For many people, the Australia Day long weekend is a chance to relax, recharge and push the boat out (sometimes literally). But hot weather and BBQs come with risks.
Follow these handy, practical tips to ensure you enjoy the sun and snags, while avoiding any alcohol-related misadventure or dodgy prawn issues.
- Barbeque like a pro. Avoid food poisoning by keeping BBQ meat and veggies cold and covered until ready to be used, advises Food Standards Australia and New Zealand. Use different plates and utensils for raw and cooked foods; and cook all meat for long enough so the juices run clear. Don't keep leftovers if they've been out of the fridge for more than 2 hours.
- Use the Summer Health app. If you have a Google Home or Google Assistant installed on your phone, launch Healthdirect Australia's new voice app by saying, "Talk to Summer Health" or, "Ask Summer Health about…" You can quiz the Summer Health app for info on summer-related topics such as sunstroke, sunburn, bites and stings, and the UV index in your nearest major city.
- Don't drink and dive. Many people spend Australia Day at the beach or in the pool. According to Royal Life Saving, between July 2018 and
June 2019, 276 people lost their lives to drowning. Adult men are far more likely to drown than women, and alcohol (and illicit drugs) is considered a major risk factor.
Alcohol increases the risk of drowning by impairing judgement, reducing coordination and delaying reaction time. It's best to avoid drinking around water and swimming or taking a boat out under the influence of alcohol or drugs. Never go in or on the water alone, advises Royal Life Saving.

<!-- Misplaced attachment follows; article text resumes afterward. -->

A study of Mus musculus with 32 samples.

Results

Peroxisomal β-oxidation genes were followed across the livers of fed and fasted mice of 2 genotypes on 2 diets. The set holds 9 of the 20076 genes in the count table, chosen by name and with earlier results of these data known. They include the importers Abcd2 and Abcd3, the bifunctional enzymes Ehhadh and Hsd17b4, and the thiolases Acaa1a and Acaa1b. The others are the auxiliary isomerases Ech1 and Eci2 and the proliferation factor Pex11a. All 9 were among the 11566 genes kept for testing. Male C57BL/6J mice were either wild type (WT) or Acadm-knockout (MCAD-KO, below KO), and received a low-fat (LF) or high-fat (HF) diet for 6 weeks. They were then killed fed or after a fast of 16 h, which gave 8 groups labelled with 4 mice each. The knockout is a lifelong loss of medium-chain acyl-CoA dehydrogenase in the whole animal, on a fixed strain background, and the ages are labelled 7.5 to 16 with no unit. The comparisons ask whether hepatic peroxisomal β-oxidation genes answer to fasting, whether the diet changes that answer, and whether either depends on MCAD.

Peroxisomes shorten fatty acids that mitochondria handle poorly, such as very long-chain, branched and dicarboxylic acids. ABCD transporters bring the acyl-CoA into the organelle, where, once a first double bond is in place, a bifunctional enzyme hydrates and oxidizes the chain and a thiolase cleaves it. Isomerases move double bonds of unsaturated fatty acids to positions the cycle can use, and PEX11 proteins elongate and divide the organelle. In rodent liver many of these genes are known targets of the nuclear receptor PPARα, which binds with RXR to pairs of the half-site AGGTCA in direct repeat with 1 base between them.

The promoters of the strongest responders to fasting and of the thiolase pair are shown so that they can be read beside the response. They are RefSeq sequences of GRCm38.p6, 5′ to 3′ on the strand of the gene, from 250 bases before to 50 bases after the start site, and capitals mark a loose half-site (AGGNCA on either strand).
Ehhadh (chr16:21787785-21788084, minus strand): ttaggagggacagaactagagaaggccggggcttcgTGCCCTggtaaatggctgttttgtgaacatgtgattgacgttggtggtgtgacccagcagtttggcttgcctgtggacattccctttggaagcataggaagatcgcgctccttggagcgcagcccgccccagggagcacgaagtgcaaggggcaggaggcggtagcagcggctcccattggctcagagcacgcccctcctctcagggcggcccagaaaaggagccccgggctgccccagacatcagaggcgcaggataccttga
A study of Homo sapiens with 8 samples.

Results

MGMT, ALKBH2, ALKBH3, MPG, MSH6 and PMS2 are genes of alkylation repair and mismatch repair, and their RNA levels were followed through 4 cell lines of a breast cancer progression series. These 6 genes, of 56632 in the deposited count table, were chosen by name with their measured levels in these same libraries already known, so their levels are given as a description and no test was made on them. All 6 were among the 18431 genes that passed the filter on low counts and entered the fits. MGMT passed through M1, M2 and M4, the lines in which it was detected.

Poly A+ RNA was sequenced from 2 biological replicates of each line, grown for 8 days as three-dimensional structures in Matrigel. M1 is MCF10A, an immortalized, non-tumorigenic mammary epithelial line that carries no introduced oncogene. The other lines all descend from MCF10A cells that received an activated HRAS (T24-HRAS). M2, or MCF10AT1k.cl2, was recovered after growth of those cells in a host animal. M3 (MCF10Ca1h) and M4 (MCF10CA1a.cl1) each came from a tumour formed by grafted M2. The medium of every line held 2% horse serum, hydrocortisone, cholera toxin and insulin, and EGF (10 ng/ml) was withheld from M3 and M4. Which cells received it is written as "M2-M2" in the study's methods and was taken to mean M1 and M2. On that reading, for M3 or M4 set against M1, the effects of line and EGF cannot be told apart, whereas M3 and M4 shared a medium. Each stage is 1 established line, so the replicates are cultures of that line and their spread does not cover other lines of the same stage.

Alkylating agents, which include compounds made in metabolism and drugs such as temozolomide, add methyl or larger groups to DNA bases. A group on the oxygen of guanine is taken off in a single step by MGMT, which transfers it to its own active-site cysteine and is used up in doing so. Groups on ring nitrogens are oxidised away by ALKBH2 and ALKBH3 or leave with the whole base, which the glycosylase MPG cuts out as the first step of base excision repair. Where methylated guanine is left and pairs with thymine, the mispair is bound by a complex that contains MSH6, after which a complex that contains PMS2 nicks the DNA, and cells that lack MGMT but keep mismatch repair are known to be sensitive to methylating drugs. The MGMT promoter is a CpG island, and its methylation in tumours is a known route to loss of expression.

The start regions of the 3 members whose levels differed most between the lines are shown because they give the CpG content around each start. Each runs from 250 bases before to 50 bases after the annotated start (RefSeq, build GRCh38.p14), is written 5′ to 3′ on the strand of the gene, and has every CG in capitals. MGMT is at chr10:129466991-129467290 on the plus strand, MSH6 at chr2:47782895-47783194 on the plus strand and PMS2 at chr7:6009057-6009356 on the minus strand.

- Watch your little swimmers. Even if your child is a confident swimmer, they must be supervised by an adult when near water — even shallow paddling pools or baths. Among children aged 0-14, in 2018/19 more drownings occurred in swimming pools than at any other location, and in most cases drowning occurred when the child fell into the water.
- Count your drinks. It's easy to consume more alcohol than you realise, especially if you're at the pub on Australia Day. Drinks served in bars or restaurants often contain more than 1 standard drink (a 'standard drink' is supposed to be a can or bottle of mid-strength beer, 100ml of wine or a 30ml shot of spirits).
Australian Guidelines recommend healthy adults drink no more than 4 standard drinks per day, and no more than 10 standard drinks per week. Set yourself a drinks limit for the day and stick to it.
For more advice, check out healthdirect's top 7 tips for safe drinking.
- Protect yourself from the sun — even if it's cloudy. According to the Cancer Council, you can get sun damage on windy, cloudy and cool days. Sun damage is caused by ultraviolet (UV) radiation, not the temperature, so an overcast summer day can have similar UV levels to a sunny summer day. In fact, UV radiation not only penetrates some clouds but can be more intense due to reflection off the clouds. Read more about sun protection here.